Bad photography

Bad photography. We see bad photography everywhere. On Facebook, in family photo albums, on our own mobile phones.

The places we should not see it is in newspapers and as part of a press releases. But we still do. Too many organisers, organisations, charities or fundraisers take bad pictures and email them to their local paper expecting press coverage.

Sometimes, if the newspaper is desperate, these images get printed. Often they don’t.

Photography is a difficult skill to get right. But there are several easy-to-understand tricks which can instantly improve your photography skills. And this infinitely makes promoting your event or business success so much easier.

These skills are detailed in the FREE pdf Seriously Good Photography Tips for Camera Phones.

Also detailed in the free book is some examples of bad photography. And here are some of them:

If you like photographs of certificates on walls – with a bit of flash reflection you will love this (below)

bad photography, photography tips

People with sticks, rods and lampposts coming out of their heads – it’s a classic pose (below).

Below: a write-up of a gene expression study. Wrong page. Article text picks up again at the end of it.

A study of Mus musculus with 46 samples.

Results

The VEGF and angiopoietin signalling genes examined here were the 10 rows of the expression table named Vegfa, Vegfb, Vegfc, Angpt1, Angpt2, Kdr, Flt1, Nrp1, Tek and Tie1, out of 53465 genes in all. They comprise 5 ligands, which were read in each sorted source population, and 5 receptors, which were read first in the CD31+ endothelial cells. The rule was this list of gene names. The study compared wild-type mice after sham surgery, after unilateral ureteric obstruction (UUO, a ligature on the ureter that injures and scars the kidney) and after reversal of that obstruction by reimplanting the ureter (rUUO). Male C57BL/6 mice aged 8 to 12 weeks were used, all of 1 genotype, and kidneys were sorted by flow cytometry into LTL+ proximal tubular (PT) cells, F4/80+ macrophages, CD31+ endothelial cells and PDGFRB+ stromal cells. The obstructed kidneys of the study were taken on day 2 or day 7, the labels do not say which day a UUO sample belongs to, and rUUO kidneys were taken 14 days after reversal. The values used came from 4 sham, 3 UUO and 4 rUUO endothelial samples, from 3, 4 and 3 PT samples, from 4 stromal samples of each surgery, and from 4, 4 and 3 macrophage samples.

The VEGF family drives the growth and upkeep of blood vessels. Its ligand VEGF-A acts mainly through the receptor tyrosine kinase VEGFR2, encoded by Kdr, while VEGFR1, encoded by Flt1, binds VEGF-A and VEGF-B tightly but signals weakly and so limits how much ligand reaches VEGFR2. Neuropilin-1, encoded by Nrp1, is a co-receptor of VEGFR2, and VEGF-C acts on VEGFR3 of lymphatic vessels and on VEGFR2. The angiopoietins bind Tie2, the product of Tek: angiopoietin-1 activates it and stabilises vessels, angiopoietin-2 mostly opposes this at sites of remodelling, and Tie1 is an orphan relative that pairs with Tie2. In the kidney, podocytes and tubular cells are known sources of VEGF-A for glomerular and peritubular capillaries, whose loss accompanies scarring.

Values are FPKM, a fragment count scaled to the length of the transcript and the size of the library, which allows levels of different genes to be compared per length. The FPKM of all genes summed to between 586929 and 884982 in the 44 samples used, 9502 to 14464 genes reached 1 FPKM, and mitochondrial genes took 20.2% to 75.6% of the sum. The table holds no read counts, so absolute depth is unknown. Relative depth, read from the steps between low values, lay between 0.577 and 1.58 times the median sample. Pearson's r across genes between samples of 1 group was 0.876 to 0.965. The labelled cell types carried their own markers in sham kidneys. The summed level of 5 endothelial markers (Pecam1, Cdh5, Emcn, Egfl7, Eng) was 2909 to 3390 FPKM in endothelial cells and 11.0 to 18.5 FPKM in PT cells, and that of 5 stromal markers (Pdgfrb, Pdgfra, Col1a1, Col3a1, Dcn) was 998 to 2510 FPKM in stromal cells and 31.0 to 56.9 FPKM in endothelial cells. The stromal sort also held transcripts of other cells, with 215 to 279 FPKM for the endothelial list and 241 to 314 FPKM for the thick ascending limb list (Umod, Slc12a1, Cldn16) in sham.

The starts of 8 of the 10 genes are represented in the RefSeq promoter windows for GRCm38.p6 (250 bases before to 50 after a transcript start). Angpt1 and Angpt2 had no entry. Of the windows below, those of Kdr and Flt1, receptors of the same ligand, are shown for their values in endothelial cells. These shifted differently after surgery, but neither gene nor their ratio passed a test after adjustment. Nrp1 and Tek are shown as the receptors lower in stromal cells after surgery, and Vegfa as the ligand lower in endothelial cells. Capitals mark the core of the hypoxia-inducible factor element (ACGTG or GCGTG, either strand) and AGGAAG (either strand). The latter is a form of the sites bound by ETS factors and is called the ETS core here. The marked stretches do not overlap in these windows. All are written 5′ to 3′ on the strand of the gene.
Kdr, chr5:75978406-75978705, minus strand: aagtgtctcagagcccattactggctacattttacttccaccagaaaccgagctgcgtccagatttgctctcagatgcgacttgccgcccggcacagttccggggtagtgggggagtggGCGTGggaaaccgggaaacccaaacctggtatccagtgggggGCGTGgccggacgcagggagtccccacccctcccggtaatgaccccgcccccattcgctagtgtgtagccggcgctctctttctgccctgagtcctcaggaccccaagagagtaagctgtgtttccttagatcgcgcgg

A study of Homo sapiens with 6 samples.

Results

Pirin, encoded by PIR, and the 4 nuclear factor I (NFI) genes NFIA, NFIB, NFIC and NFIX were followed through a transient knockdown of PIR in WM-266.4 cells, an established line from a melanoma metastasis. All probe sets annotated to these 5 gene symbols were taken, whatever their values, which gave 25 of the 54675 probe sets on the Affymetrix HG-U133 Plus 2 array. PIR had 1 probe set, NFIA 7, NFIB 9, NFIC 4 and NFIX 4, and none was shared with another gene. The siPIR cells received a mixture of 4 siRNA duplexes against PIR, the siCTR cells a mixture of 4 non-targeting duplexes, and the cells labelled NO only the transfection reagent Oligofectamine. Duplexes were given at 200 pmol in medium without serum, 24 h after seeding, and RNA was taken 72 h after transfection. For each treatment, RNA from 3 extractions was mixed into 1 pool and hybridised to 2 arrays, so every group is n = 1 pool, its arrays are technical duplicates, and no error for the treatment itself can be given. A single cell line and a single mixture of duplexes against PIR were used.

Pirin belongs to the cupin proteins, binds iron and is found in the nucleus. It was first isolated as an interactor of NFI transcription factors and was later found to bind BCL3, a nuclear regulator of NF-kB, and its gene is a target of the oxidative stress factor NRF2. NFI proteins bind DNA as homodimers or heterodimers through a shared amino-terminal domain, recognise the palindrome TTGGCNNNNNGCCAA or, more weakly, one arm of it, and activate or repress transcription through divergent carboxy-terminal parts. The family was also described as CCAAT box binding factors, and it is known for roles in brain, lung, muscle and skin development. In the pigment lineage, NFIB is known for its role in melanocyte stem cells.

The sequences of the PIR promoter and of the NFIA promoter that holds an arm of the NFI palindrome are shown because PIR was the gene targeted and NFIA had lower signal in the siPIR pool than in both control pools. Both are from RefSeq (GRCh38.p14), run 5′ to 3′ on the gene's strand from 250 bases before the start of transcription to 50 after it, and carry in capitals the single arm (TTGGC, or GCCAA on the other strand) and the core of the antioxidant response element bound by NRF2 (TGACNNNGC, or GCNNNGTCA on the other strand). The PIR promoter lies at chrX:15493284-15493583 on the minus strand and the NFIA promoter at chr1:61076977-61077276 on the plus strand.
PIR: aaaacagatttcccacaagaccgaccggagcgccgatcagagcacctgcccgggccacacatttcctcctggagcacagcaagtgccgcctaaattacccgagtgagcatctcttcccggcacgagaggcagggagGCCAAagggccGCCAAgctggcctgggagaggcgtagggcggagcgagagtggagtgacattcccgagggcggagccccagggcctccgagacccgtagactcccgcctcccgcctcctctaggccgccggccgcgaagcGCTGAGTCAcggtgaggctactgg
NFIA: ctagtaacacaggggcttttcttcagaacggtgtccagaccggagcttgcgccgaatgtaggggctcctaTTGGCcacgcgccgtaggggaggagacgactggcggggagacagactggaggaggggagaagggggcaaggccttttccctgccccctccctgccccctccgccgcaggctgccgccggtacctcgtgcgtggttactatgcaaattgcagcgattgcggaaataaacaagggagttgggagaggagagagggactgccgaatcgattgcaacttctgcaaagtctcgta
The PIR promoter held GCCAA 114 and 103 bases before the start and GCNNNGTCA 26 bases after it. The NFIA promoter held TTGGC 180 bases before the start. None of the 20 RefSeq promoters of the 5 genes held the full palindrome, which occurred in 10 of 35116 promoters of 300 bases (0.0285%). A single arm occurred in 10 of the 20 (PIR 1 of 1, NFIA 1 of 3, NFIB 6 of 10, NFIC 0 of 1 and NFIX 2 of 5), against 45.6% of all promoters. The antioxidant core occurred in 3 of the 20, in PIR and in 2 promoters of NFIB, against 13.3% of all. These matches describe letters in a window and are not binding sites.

005 bad photography

And poor use of flash (see the shadows around the faces) is only bettered here by the inclusion of the door in the background. A perfect distraction to in a very bad photo.

008 bad photography

All of these are press release images. The FREE pdf Seriously Good Photography Tips for Camera Phones shows you how to make sure this kind of disaster does not creep in to your photography.

And there’s also my March 24, 2015 workshop in Preston Get Publicity Now! which covers photography, press release writing and loads of other stuff which can help you get your message published in the media. It’s very good.

You book a place on that course through Eventbrite (details updated very soon on this page and on this website).